As contractors with Enstar Natural Gas ramp up construction this month on the second phase of the Homer natural gas expansion, some landowners on Kachemak Drive have balked at granting easements to extend the gas line.
More than 17,000 feet of natural gas line has already been installed on the Homer Spit, with contractors working at Fish Dock Road last week.
Of 31 easements Enstar needs to build the gas line, 20 landowners have signed easement agreements, 10 have not responded and one has refused to grant an easement, said Charlie Pierce, Enstar Southern Division operations manager, Kenai.
City Manager Walt Wrede raised the issue in his manager’s report at the March 24 Homer City Council meeting. Wrede said some of the non-responses may be from out-of-town landowners or summer residents who may not have seen letters from Enstar requesting easements. Pierce agreed that this may explain the lack of response.
“We’re hoping that as we get started, some of the work that we do will be witnessed by some of the hold-outs and they might become agreeable to sign an easement as well,” Pierce said.
Part of the issue is that unlike other areas where utility easements are established in rights-of-way, only the road itself on Kachemak Drive has an easement. All other utility easements have been negotiated with landowners. A recent utility project, the water-sewer project, required the city of Homer exercising eminent domain powers to get easements.
Pierce said Enstar will not go to court to get an easement, although the city of Homer could do that.
“Enstar is not interested in crossing somebody’s property who doesn’t want us being there,” Pierce said.
The easement hold-outs are in the middle of Kachemak Drive from Northern Enterprises Boat Yard to Lampert Lake. Pierce said if one landowner doesn’t grant an easement, contractors will build the line from either end with a gap in the middle. Pierce said Enstar prefers a loop in a gas line so that if there’s a break in the line, customers can get gas from another end of the system.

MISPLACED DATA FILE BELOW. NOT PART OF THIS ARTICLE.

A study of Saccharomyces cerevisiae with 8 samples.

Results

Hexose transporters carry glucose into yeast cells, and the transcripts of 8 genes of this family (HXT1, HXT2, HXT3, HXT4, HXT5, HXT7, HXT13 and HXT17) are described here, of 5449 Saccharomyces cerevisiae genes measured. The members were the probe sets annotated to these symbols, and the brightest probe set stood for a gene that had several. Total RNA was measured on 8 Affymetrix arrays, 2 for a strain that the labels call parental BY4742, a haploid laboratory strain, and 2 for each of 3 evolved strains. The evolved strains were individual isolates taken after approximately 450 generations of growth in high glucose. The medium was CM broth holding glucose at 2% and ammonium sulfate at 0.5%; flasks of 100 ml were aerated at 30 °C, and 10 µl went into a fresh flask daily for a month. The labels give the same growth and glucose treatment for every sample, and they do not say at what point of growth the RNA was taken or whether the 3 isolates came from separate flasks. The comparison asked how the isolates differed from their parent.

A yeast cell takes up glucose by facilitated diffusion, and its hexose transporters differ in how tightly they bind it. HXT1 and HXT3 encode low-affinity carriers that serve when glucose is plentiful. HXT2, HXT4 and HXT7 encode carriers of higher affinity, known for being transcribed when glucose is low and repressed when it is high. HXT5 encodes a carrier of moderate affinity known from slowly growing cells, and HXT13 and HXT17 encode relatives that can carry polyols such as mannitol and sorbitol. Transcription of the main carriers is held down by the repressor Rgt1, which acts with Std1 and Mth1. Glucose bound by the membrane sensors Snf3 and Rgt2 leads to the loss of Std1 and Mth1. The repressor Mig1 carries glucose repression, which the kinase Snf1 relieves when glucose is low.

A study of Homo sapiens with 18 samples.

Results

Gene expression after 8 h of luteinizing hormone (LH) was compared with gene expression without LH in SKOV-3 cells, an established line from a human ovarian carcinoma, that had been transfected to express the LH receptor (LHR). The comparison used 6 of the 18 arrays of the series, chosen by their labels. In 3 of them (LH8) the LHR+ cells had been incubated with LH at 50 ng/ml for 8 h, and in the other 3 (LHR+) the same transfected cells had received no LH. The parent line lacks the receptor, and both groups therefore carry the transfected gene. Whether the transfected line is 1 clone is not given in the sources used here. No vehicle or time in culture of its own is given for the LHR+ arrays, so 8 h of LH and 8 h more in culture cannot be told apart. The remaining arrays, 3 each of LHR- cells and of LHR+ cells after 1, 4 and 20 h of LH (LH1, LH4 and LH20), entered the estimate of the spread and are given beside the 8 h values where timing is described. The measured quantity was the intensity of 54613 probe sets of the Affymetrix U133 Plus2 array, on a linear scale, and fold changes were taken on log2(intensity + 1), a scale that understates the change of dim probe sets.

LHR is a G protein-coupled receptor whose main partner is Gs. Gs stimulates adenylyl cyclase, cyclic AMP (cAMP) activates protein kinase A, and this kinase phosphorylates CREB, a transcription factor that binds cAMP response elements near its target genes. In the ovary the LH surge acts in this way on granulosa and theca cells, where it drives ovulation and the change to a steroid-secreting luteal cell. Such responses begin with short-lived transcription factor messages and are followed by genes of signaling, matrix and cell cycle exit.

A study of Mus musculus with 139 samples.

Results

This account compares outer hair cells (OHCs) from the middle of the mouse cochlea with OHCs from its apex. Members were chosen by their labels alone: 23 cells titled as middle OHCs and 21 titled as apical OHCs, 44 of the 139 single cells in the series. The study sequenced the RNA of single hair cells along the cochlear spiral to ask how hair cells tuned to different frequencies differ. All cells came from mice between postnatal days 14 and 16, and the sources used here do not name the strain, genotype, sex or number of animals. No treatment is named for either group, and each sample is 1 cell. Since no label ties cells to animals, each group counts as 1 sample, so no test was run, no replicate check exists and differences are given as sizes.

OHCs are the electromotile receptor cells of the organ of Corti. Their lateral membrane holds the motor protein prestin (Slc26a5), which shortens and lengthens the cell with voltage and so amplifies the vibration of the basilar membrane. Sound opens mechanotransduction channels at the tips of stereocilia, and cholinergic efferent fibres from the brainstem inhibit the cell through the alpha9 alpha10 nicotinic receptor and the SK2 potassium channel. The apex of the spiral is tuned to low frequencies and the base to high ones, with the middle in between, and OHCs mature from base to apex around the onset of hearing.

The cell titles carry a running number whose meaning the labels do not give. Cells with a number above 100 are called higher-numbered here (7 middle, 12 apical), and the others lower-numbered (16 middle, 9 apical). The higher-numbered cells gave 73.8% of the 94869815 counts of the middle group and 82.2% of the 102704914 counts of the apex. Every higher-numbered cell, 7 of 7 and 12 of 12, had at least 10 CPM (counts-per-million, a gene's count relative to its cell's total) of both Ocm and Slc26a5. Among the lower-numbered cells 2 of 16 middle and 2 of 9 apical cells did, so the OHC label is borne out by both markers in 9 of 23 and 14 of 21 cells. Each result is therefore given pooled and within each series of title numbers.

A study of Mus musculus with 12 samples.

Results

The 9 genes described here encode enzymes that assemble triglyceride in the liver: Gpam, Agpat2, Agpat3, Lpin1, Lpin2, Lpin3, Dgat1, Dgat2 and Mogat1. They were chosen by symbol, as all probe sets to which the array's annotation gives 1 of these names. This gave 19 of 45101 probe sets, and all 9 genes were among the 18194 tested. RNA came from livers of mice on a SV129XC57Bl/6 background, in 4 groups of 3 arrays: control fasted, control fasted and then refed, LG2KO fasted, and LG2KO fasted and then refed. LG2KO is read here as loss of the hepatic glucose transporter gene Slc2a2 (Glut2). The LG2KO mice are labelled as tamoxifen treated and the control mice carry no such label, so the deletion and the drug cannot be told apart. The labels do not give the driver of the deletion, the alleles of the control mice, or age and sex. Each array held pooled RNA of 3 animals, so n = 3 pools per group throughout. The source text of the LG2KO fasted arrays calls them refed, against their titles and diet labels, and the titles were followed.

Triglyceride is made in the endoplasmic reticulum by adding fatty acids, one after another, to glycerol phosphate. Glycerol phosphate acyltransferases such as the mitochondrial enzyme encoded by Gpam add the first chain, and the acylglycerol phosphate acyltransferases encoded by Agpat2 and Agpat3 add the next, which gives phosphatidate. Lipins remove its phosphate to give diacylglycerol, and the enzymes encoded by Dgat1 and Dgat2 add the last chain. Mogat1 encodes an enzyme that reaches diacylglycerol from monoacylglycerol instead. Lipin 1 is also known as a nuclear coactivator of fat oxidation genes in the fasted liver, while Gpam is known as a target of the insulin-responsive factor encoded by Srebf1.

Enstar is seeking an easement on the Kachemak Bay or south side of the road.
The water-sewer line was installed on the north side of the road. Contractors use a small bucket-excavator to dig a 4-foot deep, 12-inch to 24-inch wide hole to install the lines. In some areas, such as wetlands, the line is bored.
“His mind may change as he sees what we’re doing and he sees that the impact is minimal,” Pierce said of the landowner refusing to grant an easement.
If enough landowners do not grant easement, potentially some customers wanting natural gas could be cut off, Pierce said.
“It’s neighbors preventing neighbors from getting gas,” he said.
That could be problematic, Wrede said.
“If these folks want gas, they are going to be pretty upset,” Wrede said.
Under the Natural Gas Homer Special Assessment District, landowners will pay about $3,300 a lot. That amount will change as the city completes its assessment roll. The city also did not appeal a ruling that condominiums could be assessed as single lots, a decision that cut 102 lots from the roll, which will add about $90 to the assessment fee.
What if a landowner does not grant an easement? Would the landowner be exempt from paying the assessment? On the one hand, if a line comes to the property owner’s lot, he or she is getting service. On the other hand, service doesn’t go by the lot and it could be argued that the property owner shouldn’t be assessed. Wrede said that’s a question being discussed by city officials.
“We will have to wait to see how this shakes out before decisions are made,” Wrede said.
Brush clearing will start this month and has to be done by May 15. From May 15 to July 15 is considered bird nesting season, and brush cannot be cleared then without a permit from the Alaska Department of Fish and Game, Pierce said.
People who have questions about the natural gas expansion, or who have questions about easements, can call the Homer office at 435-0635 or visit the office at 345 Sterling Highway, Suite 104.
Michael Armstrong can be reached at michael.